It said the vessel’s crew members had been detained and included nationals of South Korea, Indonesia, Vietnam and Myanmar, but did not say how many there were. It said the tanker was being held at Iran’s Bandar Abbas port city
Iran's Revolutionary Guards Corps seized a South Korean-flagged tanker in Gulf waters, Iranian media said on Monday, at a time of tension between Tehran and Seoul over Iranian funds frozen at South Korean banks due to U.S. sanctions.
Several Iranian media outlets said the Guards navy captured the vessel for polluting the Gulf with chemicals. The semi-official Tasnim news agency published pictures showing what it identified as Guards speed boats escorting the tanker HANKUK CHEMI, which it said was carrying 7,200 tonnes of ethanol.
It said the vessel's crew members had been detained and included nationals of South Korea, Indonesia, Vietnam and Myanmar, but did not say how many there were. It said the tanker was being held at Iran's Bandar Abbas port city.
South Korea's foreign ministry did not have an immediate comment. Iranian authorities have yet to comment on the incident, which comes ahead of an expected visit by South Korea's deputy foreign minister to Tehran.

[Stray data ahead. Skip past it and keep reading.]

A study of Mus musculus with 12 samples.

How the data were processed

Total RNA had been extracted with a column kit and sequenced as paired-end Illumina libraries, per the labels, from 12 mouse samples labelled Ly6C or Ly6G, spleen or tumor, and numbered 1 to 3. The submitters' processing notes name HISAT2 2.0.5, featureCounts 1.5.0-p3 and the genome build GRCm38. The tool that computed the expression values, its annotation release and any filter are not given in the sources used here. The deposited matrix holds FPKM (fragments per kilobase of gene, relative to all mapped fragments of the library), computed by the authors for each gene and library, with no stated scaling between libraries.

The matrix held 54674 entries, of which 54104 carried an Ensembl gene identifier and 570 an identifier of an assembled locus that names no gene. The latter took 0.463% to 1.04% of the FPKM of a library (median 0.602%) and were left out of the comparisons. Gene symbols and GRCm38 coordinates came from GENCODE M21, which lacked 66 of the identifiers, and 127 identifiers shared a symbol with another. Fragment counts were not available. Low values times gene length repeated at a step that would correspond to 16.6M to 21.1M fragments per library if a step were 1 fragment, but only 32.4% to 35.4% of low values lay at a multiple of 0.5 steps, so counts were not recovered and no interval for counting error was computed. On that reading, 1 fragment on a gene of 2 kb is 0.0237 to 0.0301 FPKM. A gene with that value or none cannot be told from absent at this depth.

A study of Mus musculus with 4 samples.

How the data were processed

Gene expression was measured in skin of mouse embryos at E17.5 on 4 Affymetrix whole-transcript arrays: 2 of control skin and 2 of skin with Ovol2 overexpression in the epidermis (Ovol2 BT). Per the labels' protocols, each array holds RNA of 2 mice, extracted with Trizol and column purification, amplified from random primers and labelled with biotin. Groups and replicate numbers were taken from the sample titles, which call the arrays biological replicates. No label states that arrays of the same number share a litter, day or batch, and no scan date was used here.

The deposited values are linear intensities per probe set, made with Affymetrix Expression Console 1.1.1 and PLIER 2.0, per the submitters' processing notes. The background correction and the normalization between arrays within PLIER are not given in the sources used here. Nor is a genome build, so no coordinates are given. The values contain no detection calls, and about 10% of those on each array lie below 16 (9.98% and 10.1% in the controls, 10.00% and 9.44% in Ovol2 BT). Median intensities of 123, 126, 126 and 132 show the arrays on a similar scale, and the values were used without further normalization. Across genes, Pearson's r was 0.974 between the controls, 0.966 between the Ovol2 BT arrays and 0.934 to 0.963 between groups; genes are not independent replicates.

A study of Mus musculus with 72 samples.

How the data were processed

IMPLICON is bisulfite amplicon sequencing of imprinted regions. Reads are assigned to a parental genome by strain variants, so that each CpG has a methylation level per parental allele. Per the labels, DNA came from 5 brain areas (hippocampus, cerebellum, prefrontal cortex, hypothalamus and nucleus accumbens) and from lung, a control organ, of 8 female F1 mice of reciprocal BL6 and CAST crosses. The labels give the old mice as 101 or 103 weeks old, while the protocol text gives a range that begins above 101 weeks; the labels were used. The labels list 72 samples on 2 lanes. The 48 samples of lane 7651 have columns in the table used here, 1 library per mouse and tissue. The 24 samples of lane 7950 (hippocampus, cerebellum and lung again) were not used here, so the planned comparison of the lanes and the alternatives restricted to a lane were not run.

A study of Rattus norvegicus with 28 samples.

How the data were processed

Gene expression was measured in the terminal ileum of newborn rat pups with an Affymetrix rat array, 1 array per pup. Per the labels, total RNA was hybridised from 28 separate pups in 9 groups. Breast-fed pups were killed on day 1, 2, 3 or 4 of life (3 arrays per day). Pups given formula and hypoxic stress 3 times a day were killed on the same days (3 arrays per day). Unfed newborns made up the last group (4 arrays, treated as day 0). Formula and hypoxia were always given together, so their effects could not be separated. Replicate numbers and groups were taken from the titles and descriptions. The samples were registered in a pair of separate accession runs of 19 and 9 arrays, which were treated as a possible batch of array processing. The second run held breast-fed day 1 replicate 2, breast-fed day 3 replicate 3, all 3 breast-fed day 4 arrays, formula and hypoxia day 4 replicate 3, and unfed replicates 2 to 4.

The Iranian Foreign Ministry said on that the visit would happen in coming days and would discuss Iran's demand that South Korea release $7 billion in funds frozen in South Korean banks because of U.S. sanctions.
The United States re-imposed sanctions on Iran in 2018 after President Donald Trump withdrew from an international deal to lift them in return for curbs on Iran's nuclear programme. Tehran calls the U.S. sanctions economic warfare.
Two maritime security companies earlier said the HANKUK CHEMI appeared to have been seized by Iranian authorities.
British firm Ambrey said the South Korean-flagged vessel, owned by DM Shipping Co, had departed from the Petroleum Chemical Quay in Jubail, in Saudi Arabia, before the incident and had since been tracked inside Iranian territorial waters headed towards Bandar Abbas.
Another maritime security firm, Dryad Global, said on its website the chemical tanker had "likely been detained by Iranian forces" in the Strait of Hormuz while inbound to Fujairah in the United Arab Emirates.